Beginning orthodontic treatment can be an exciting time. But some patients may have dental issues to resolve before they can get braces. We spoke with Dr. Philip D. Bomeli, D.D.S., M.S., of Solon Orthodontics in Solon, Ohio, to learn what patients and their parents should expect before they begin treatment.

Q: What are common problems patients have before orthodontic treatment can begin?

Bomeli: Before beginning orthodontic care, whether it’s braces or Invisalign, one of the most common issues we see is baby teeth. They could be causing spacing issues. They may also be preventing permanent teeth from coming in properly or from coming in at all. Some patients who still have baby teeth will need to see a dentist to have them removed before we put braces on.

Q: What about wisdom teeth? Can they also present problems?

[adrotate banner=”30″] Bomeli: Wisdom teeth are not necessarily something that we need to address before beginning orthodontic treatment. Wisdom teeth typically erupt during the 15-to-17-year-old range, but everyone’s dental development is different. Occasionally, wisdom teeth can prevent secondary molars from erupting, and in that case we may need to remove them.

Q: If we leave them alone, will wisdom teeth eventually move the teeth that braces have just fixed? 

Bomeli: As a profession, we now regard wisdom teeth differently than we did back when parents were getting braces. The common advice back then was to wear your retainer for only two years. When teeth started to move, we blamed the wisdom teeth. But research indicates that wisdom teeth don’t really exert enough force on other teeth to cause movement. We know now that teeth move continually—they don’t stop. So, wisdom teeth may need to be extracted, but not because they cause tooth movement. Whenever patients ask me how long they have to wear their retainers, I always tell them they should wear their retainers as long as they want to have straight teeth.

Q: We hear that gum tissue can also be an issue for some teenagers. Why is that?

Bomeli: Excess gum tissue can affect bracket placement or simply give rise to aesthetic concerns. Some patients may have teeth that look too short because of an excess of gum tissue. If movement of teeth or closing spaces becomes a concern, I might refer them to a periodontist to remove some gum tissue either before or in the midst of treatment. It is also not uncommon when teeth move for gums to become irritated, inflamed, and puffy-looking. But usually my advice is to hold off for one to two weeks until after the braces are removed to make an evaluation. It’s amazing how quickly inflamed gum tissue will calm down and shrink.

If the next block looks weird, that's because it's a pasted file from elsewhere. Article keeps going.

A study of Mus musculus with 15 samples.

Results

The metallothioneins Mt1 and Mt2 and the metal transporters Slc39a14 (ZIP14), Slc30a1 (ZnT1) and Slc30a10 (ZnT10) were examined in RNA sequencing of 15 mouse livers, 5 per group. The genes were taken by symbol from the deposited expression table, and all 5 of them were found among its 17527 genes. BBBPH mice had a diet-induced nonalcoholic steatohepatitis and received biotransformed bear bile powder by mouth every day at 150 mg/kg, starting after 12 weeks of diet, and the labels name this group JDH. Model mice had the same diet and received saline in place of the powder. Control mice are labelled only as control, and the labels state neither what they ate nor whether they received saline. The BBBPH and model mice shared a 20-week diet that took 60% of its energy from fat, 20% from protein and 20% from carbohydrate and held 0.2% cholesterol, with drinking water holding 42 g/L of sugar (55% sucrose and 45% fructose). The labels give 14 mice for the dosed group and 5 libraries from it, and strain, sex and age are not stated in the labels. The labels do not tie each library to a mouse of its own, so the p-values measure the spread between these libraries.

Q: And what exactly is a frenum, and why can that be a concern?

Bomeli: People normally have many bands of tissue called frenums that are located in and around the teeth and gums on the upper and lower jaw. But frenal attachments can be troublesome. If the lower frenum is attached to the tongue too tightly, a patient can be tongue-tied and have limited movement and speech issues. In some patients, the tissue connects the lip to the gum area too tightly, impairing movement, lift, and animation of the lips, or affecting space between teeth. This tissue can be thick and fibrous and make closing space between teeth uncomfortable and difficult.

In these cases, a periodontist will perform a procedure called a frenectomy in which the excess tissue or muscle is delicately moved out of the way. Usually, this is something we would address with a referral before the start of orthodontic treatment.

Q: What else should patients address before orthodontic treatment? 

Bomeli: One of the most common situations we see, particularly with adult orthodontia patients, is also the easiest to remedy. One of the best things to do before you get braces is to see a general dentist for a good cleaning. Start with a clean slate and teeth that are healthy and in good condition. Make sure you don’t have any cavities and that everything looks normal and healthy from a general dental perspective.

Jane Parent, former editor at Your Teen, is the parent of three.